Mexican bank drafts have long been used to facilitate trade and commerce
within the United States/Mexican border region. These drafts are
issued in U.S. dollars by Mexican banks and are payable from correspondent
accounts held at U.S. banks. The promise of payment by a U.S. bank makes
them easy to sell or deposit.
Correspondent banking relationships are a vital part of the banking system, both domestically and internationally. However, like other aspects of the system, they are vulnerable to manipulation and misuse by money launderers. In this case, Mexican bank drafts have provided excellent tools for the facilitation of money laundering activities.
Banks and other financial institutions should give enhanced scrutiny to deposits or the presentation for collection of U.S. dollar-denominated bank checks or other drafts drawn by Mexican banks on their dollar accounts in U.S. banks. Enhanced scrutiny should also be given to the presentation for collection at U.S. banks by Mexican currency exchange and other businesses of multiple third party checks or drafts endorsed to the order of the business presenting the checks for payment.
A crucial part of the money laundering cycle is the re-entry into the United States of funds derived from criminal activity; the smuggling of those funds out of the country is intended to "launder" them for re-entry with an
apparently foreign origin. Cross-border commerce between the United States and Mexico provides an especially attractive cover for attempts to reintegrate criminally-derived funds into the U.S. economy.
Two techniques for recycling funds along the border have been identified by law enforcement officials.
Mexican Bank Drafts
A crucial part of the money One technique is the use of smuggled currency in Mexico to purchase a
"Mexican bank draft," that is, a dollar-denominated draft drawn by the
Mexican bank to the order of the bank draft's purchaser, on that own bank's
dollar account with a correspondent bank in the United States. The draft
is then carried into the United States and negotiated, or perhaps endorsed
to a third party who negotiates the draft at the United States correspondent
institution. It may also be endorsed to a third party in Colombia, Panama, or
elsewhere, as part of a more complicated scheme to purchase goods for
conversion ultimately to laundered funds; in any event the draft ultimately
finds its way back to the U.S. banks on which it's drawn.
Factored Third Party Checks
A crucial part of the money One The second technique involves what might be called the "factoring" by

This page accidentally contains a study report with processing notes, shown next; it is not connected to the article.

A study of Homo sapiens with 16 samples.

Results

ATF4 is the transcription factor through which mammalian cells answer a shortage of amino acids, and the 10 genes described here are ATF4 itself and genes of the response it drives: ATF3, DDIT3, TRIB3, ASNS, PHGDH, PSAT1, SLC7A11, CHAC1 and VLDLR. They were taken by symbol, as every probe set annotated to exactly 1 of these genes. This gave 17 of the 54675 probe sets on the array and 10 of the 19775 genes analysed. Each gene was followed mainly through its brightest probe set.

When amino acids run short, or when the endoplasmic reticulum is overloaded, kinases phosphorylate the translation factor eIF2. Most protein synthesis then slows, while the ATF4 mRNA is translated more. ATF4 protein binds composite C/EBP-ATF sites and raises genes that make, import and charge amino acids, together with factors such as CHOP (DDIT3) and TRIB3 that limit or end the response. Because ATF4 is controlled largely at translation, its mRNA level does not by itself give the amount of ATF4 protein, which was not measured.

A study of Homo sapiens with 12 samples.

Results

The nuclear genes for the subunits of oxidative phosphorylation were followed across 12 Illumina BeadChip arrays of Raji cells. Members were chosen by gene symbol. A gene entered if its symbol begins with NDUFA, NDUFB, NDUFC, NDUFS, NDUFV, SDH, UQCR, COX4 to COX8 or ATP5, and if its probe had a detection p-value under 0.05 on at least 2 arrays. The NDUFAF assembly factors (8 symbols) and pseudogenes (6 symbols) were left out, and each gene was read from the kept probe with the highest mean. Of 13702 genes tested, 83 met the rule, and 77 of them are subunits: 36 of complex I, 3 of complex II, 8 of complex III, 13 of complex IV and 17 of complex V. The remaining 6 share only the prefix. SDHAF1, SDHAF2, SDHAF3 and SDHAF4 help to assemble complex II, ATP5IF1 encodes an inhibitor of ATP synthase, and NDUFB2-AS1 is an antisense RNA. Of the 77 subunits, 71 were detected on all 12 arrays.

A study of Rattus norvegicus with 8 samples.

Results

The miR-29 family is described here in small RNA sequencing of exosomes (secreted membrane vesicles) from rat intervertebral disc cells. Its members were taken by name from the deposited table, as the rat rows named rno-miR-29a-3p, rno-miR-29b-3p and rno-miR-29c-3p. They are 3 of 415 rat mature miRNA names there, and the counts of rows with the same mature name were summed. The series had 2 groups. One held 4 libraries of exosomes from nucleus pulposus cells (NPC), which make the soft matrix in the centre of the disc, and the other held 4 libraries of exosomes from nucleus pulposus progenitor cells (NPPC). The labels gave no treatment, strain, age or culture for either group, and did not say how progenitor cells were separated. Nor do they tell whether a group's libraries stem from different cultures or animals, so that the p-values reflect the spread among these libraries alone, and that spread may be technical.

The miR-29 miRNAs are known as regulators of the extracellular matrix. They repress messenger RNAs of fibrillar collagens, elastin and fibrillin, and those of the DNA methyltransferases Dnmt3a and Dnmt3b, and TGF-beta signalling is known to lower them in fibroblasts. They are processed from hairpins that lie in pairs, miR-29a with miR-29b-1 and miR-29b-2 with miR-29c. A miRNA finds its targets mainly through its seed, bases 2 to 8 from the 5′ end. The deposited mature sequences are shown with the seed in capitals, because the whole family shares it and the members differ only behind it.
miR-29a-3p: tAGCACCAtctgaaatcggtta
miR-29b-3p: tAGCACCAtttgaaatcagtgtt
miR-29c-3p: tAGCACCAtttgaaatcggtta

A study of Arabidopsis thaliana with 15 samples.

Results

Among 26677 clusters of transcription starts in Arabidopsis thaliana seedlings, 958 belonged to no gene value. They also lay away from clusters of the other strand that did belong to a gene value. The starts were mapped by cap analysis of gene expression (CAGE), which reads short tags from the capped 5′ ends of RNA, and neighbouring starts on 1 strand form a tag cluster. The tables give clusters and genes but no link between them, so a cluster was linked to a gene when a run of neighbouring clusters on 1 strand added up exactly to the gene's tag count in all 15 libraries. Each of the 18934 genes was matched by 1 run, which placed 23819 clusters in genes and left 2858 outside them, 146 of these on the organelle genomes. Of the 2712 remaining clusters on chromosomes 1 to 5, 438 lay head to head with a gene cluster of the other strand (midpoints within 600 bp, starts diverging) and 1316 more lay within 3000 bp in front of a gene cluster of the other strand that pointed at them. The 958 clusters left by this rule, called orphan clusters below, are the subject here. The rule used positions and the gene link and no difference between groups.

currency exchange houses and other financial intermediaries of bank checks
drawn on a single U.S. institution; the currency exchange house or other
middleman buys the checks from smaller Mexican banks. The purchase price
is paid with smuggled currency, and the bundled "factored" checks are sent by
the purchaser to the U.S. bank for collection; the funds delivered upon collection
are then rerouted to the launderers.
Although the use of dollar-denominated bank drafts by Mexican institutions and the factoring of bank checks can serve legitimate commercial purposes, increased indications that the instruments are being used to move criminally-derived funds necessarily raise questions about the purposes of unusual transactions involving such instruments. Banks and other institutions subject to the United States Bank Secrecy Act should examine available facts relating to any transactions that involve persons with no apparent business basis for presenting such drafts, or bundled groups of third-party checks, for payment or deposit, especially in the case of persons not known to engage in substantial commerce with Mexico, persons who have no fixed address or persons who have no separate business address.
Particular attention should also be paid to periodic surges in the numbers and dollar volume of instruments of these sorts sought to be presented for payment. Finally, particular attention should be paid to accounts that are apparently used to concentrate cash generated by the deposit of such instruments prior to the wiring of funds to other parts of the United States or to locations outside of the United States (especially to narcotics source or transit countries).
Factored Third Party Checks
Unless examination of the facts underlying such transactions, in each case, reveals that the transactions possess an independent lawful business purpose and are the sort in which the customer involved would normally be
expected to engage, institutions subject to the suspicious activity reporting
rules (31 CFR 103.21) should report such transactions as provided in those
rules. Institutions subject to the Bank Secrecy Act, but not yet subject to
specific suspicious activity reporting rules, should consider their obligations
to report such transactions either under other applicable law or on a voluntary
The Treasury Department will consider any report relating to a transaction described above to constitute a report of a suspicious transaction that may not be disclosed by the reporting institution to the parties involved, and to which the statutory protections against liability for reporting apply. The prohibition against disclosure and the protection against liability for reporting are contained, respectively, in 31 U.S.C. 5318(g)(2) and (g)(3).
Stanley E. Morris
FinCEN Advisory is a product of the Financial Crimes Enforcement Network, Department of the Treasury, Post Office Box 39, Vienna, Virginia 22183. For more information about FinCENís programs, visit the FinCEN web site at http://www.fincen.gov. General questions or comments regarding FinCEN publications should be addressed to the Office of Communications, FinCEN, (703) 905-3773. Information may also be faxed to (703) 905-3885.